FindLaw KnowledgeBasePublished: 2012-04-25
The National Football League might be more successful than ever: for three consecutive years, the Super Bowl has scored record-breaking TV ratings. The league, however, is dealing with player safety and health issues never before encountered. Several hundred former players are involved in close to 50 lawsuits against the NFL over concussions they suffered during their careers — and it does not end there.
The league recently uncovered a bounty program within the New Orleans Saints organization that incentivized hard, injury-causing hits. According to the NFL, more than 20 Saints defensive players who participated in the scheme were paid extra cash for hits big enough to injure or knock opposing players out of the game. The penalties dished out in response to the scandal were historic.
Bounty Program Penalties
NFL Commissioner Roger Goodell suspended Saints head coach Sean Payton without pay for the entire 2012 NFL season — an unprecedented penalty. No NFL head coach had ever been suspended, according to the AP. Given the lawsuits alleging former players’ concussion-related severe injuries, the NFL’s decision to create a zero-tolerance policy makes sense, according to CNBC Sports. Goodell is asking each NFL team to certify that they are not running similar “pay for performance” programs.
In addition to Payton’s suspension, former Saints defensive coordinator Gregg Williams was suspended indefinitely. The team was fined $500,000 and will lose draft picks. General manager Mickey Loomis and assistant coach Joe Vitt received eight and six-game suspensions, respectively.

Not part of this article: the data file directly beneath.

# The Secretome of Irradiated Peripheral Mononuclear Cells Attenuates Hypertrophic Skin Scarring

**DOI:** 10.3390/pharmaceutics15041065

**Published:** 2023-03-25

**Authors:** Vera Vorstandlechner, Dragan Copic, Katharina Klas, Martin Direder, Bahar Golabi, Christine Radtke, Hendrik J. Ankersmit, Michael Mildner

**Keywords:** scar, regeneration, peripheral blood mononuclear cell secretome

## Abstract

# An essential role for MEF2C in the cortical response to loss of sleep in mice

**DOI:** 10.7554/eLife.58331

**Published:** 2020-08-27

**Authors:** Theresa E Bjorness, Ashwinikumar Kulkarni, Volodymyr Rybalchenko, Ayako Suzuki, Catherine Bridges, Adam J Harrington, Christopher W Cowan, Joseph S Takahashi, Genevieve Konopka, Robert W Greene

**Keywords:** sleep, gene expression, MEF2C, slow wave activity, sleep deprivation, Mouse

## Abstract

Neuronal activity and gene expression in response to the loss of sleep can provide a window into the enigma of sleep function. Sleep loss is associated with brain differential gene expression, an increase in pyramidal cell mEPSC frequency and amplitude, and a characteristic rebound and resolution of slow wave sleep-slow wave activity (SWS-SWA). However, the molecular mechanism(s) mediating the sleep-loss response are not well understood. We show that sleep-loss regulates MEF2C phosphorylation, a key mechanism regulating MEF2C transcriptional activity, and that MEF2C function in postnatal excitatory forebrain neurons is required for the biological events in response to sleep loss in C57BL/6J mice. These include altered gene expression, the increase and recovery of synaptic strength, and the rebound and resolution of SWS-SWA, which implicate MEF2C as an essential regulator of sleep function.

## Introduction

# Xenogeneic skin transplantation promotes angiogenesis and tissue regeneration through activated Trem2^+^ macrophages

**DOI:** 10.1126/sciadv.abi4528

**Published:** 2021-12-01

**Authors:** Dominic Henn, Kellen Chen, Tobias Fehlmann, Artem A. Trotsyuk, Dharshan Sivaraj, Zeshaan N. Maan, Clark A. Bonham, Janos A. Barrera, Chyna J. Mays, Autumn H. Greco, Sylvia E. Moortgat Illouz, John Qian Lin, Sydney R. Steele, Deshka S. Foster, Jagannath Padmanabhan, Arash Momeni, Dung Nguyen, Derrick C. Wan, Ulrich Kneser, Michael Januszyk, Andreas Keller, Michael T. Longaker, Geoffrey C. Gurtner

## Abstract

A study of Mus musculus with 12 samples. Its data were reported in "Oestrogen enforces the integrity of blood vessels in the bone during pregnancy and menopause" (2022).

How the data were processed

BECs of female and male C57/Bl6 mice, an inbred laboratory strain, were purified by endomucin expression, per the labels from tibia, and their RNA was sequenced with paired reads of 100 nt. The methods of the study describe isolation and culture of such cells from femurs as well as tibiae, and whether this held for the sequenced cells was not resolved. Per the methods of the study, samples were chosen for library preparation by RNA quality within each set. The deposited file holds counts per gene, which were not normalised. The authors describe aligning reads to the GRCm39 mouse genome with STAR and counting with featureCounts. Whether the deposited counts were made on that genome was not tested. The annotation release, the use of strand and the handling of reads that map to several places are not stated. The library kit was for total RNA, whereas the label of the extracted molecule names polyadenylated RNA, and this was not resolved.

The NFL’s legal issues keep growing. According to ABC News, the number of former players bringing claims could soon reach 1,000. The lawsuits, most of which are taking place in Philadelphia federal court, allege that the league withheld medical information, failed to give players full disclosure about the dangers of head injuries, and failed to implement policies to protect players from concussions. Furthermore, the former players claim the NFL should do more to make sure they are receiving proper care for head injuries.
Scientific studies show that repeated trauma to the head can lead to long-term brain injuries. These injuries do not only occur in the NFL. Football is a dangerous sport at any level — including "Pop Warner" leagues, Middle School, High School, and College. Players at every level are susceptible to severe head injuries, many of which go undiagnosed and untreated.
Head injuries may be more prevalent in football than in many other sports, but they occur regularly in many other recreational, school, collegiate, and professional sports. The focus and attention now being given to brain injury prevention in the NFL will eventually "trickle down" to the "lower levels," but many brain injuries are likely to occur due to uneducated but well-meaning (or worse, educated but overzealous) coaches.